By 22 February, 2019September 25th, 2019No Comments
Face Made by AI QODE

Can you tell the difference between real and fake?

In the artificial intelligence (AI) universe, an approach called deep learning, or machine learning, has been extremely successful in achieving positive results. It’s doing this by deploying Artificial Neural Networks, a software architecture that allows algorithms to learn and improve from one iteration to the next.

Generative Adversarial Networks, GAN for short are a good example. The GAN network “knows” how to take existing visual data and manipulate it into new data.

Philip Wang, a software engineer, rented a server for $150 and implemented StyleGAN, an algorithm developed and published by Nvidia, an NASDAQ listed AI hardware and platform company. He used images of people from a readily available dataset, and has trained the model to create a new fake face for any refreshment of a browser page.

Put simply, the technology can fabricate new faces that don’t exist, based on a huge database of real images.

Take these faces below as an example: are they real or fake?

QODE face made by AI
QODE AI face

You guessed it: the photos above  are not real people; they’re not even real faces. They’re just a collection of pixels that the human viewer recognises as a face and therefore a person.

You can check it out for yourself here. Simply refresh the website with F5 or just press the enter button to get a new GAN image.

Though impressive, the StyleGAN algorithm is actually limited: it has limited control over the results, and it doesn’t  always produce natural-looking faces. As yet, it doesn’t understand facial features such as muscles or how skin changes with emotions. It also doesn’t generate a brand-new face from scratch, but uses an existing database of real faces.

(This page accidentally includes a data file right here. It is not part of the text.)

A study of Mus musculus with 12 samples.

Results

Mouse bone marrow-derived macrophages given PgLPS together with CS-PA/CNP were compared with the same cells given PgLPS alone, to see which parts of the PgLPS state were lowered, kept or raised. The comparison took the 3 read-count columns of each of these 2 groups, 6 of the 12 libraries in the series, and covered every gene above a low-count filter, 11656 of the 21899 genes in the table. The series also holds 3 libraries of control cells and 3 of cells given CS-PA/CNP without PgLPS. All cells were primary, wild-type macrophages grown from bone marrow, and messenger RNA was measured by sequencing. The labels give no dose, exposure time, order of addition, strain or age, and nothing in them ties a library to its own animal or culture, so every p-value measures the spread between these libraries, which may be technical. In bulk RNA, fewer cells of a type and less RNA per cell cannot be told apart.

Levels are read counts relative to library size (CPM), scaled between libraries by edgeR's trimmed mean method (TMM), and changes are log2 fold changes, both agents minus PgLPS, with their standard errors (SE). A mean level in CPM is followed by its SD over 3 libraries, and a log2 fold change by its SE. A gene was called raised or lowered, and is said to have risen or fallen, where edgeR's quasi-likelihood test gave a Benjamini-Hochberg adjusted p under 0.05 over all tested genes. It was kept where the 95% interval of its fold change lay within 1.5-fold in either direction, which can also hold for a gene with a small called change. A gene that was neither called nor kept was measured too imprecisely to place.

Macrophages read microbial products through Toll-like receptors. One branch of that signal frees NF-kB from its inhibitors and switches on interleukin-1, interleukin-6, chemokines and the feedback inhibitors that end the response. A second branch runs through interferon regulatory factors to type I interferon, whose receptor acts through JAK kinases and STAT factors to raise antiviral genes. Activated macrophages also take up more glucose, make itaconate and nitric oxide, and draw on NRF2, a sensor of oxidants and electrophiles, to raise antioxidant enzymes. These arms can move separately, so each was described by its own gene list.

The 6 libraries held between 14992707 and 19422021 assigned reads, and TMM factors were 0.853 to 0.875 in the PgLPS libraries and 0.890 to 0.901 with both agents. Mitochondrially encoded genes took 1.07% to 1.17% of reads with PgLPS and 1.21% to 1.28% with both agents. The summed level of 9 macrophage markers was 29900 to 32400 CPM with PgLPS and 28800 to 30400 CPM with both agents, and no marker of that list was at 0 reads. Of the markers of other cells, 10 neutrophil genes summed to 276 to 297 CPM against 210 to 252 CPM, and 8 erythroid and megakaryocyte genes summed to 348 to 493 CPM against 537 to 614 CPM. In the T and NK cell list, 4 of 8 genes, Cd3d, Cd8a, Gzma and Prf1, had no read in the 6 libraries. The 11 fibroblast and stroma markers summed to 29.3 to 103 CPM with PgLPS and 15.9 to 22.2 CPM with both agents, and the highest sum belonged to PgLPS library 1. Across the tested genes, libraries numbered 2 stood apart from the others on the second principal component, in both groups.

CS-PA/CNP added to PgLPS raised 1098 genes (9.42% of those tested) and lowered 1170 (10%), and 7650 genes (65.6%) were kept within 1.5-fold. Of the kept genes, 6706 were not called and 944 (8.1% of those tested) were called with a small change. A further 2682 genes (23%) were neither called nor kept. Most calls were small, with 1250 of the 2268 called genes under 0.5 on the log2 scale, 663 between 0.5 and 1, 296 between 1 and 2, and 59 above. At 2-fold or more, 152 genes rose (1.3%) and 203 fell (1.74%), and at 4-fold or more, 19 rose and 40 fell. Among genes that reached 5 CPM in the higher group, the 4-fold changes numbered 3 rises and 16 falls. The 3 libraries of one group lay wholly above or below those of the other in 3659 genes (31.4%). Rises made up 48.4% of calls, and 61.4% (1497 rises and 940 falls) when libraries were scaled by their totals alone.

The video demonstrate the fake face generation process:

However, other AI algorithms are more advanced.

What does this emerging technology mean for society? The implications of this are vast: it could be a huge win for designers and illustrators. But it may also force us to think twice about what’s real and what’s not. For example, will we start seeing fewer human models, at least in digital ads? A GAN network can create the perfect model for a campaign, and use it again and again. It is cost effective, fairly easy and much cheaper than employing a real model.

Will we believe such photos or ads? Do we actually care? Will advertisers have to declare “the presenter is not a human”? Will copyrights be issued and royalties for use will be paid to an algorithm? 

Where will it lead us? Will we have virtual personal assistants in the future, one that can accompany us in bad and good times, and complement our weaknesses with an ease?